Cookies crumble, but not tour

Union Square homes open for 22nd year

December 10, 2007|By Julie Bykowicz | Julie Bykowicz,SUN REPORTER

Were it not for the Christmas Cookie Tour, Phyllis McKeen said she might never have moved to Union Square in 1985.

She was relocating from New York City and fell in love with a park-front rowhouse on South Stricker Street. And she adored her would-be neighbors, including the Rahl family just a few doors down.

Yesterday, 22 years after the first tour, more than 200 people stopped by the Rahls' house and about two dozen others to nibble cookies while admiring some of the city's most ornate homes.

Just as when McKeen made the rounds years ago, this year's tour also served as an introduction to visitors who might never before have passed through Union Square - the Southwest Baltimore neighborhood where famed newspaperman H.L. Mencken grew up.

Union Square's Cookie Tour began the year Mount Vernon's Holly Tour went on hiatus, said Francis Rahl, a longtime resident of South Stricker Street and de facto Union Square historian. The Holly Tour returned in 2002, and also was held yesterday.

This was Sylva Lin's first time taking part in the Cookie Tour. The Washington transplant moved to Union Square in January, charmed by a Hollins Street rowhouse with a skylight-lit spiral staircase. Lin shared walnut log cookies and renovation tales with guests.

"The whole place used to be covered in shag carpeting," she said to disbelieving tourgoers.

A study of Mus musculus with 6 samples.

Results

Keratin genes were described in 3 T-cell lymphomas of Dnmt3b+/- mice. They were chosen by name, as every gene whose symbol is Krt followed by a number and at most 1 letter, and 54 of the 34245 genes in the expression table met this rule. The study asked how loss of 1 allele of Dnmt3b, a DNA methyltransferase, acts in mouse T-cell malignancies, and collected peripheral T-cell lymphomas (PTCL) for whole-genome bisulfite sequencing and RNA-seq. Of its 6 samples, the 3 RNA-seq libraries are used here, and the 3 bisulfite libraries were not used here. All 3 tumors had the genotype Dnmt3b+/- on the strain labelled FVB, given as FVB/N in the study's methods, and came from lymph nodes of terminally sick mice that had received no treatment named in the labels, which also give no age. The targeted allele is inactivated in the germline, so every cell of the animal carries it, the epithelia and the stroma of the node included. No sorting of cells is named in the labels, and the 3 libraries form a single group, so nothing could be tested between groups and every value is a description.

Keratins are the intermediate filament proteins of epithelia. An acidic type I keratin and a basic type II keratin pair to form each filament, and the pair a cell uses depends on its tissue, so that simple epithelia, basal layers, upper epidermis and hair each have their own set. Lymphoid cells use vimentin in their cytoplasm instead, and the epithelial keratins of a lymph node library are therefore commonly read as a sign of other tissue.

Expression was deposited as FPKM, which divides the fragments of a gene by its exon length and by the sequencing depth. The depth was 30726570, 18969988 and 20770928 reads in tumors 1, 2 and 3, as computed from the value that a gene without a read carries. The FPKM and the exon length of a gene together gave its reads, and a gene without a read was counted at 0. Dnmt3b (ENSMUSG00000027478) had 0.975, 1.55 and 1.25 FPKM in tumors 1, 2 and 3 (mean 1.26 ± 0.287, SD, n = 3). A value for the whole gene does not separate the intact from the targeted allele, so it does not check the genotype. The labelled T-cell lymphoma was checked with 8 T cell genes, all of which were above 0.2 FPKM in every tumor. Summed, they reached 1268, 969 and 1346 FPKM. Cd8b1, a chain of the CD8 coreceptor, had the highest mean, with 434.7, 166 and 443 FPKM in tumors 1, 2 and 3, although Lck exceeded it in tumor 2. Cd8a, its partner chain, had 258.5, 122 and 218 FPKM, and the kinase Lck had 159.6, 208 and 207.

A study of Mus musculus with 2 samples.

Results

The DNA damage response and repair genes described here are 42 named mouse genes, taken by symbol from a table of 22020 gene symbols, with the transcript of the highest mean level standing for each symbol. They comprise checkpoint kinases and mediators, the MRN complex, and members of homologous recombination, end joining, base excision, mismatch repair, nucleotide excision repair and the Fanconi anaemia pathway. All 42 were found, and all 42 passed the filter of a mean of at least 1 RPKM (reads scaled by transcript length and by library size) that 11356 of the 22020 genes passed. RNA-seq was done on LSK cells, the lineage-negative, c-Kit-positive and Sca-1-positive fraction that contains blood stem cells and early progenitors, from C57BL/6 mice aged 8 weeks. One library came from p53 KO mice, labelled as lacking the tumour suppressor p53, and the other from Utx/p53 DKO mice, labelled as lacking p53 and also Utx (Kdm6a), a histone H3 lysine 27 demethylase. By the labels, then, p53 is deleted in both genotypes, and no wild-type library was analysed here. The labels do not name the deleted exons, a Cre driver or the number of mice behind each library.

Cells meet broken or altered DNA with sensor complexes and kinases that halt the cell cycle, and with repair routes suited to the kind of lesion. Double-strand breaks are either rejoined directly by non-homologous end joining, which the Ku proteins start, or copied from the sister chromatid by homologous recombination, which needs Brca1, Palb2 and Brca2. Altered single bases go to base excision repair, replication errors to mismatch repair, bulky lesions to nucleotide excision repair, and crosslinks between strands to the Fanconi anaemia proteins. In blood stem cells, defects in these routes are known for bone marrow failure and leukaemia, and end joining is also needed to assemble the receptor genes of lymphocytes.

At the other corner of Union Square, neighborhood association president Christopher Taylor showed off the green renovations of his corner home on Lombard Street.

He said he wants to move "as many good people as we can" into the neighborhood and said the association had grown from just 23 people to more than 100 in the past three years.

For many, the last stop on the Cookie Tour was the Rahls' house, where the main attraction wasn't so much the ginger cookies as Francis Rahl himself.

A resident for 28 years, he and his wife, Debra, have participated in all 22 cookie tours.

He told stories about the neighborhood's many ups and downs, describing South Stricker Street as filled with scaffolding and promise when he moved there in the 1970s. But by the mid-1980s, he said, he was sitting on his front stoop, drinking a beer and feeling blue about the downturn in activity.

The past few years, with people such as Taylor and Lin moving in and becoming involved, have renewed the neighborhood's sense of potential. But Rahl said he thinks the slow real estate market might hamper the growth.

"It has never really been a bad neighborhood," he said, as tourgoers admired his three-story rowhouse. "But it's never really realized its full potential, either."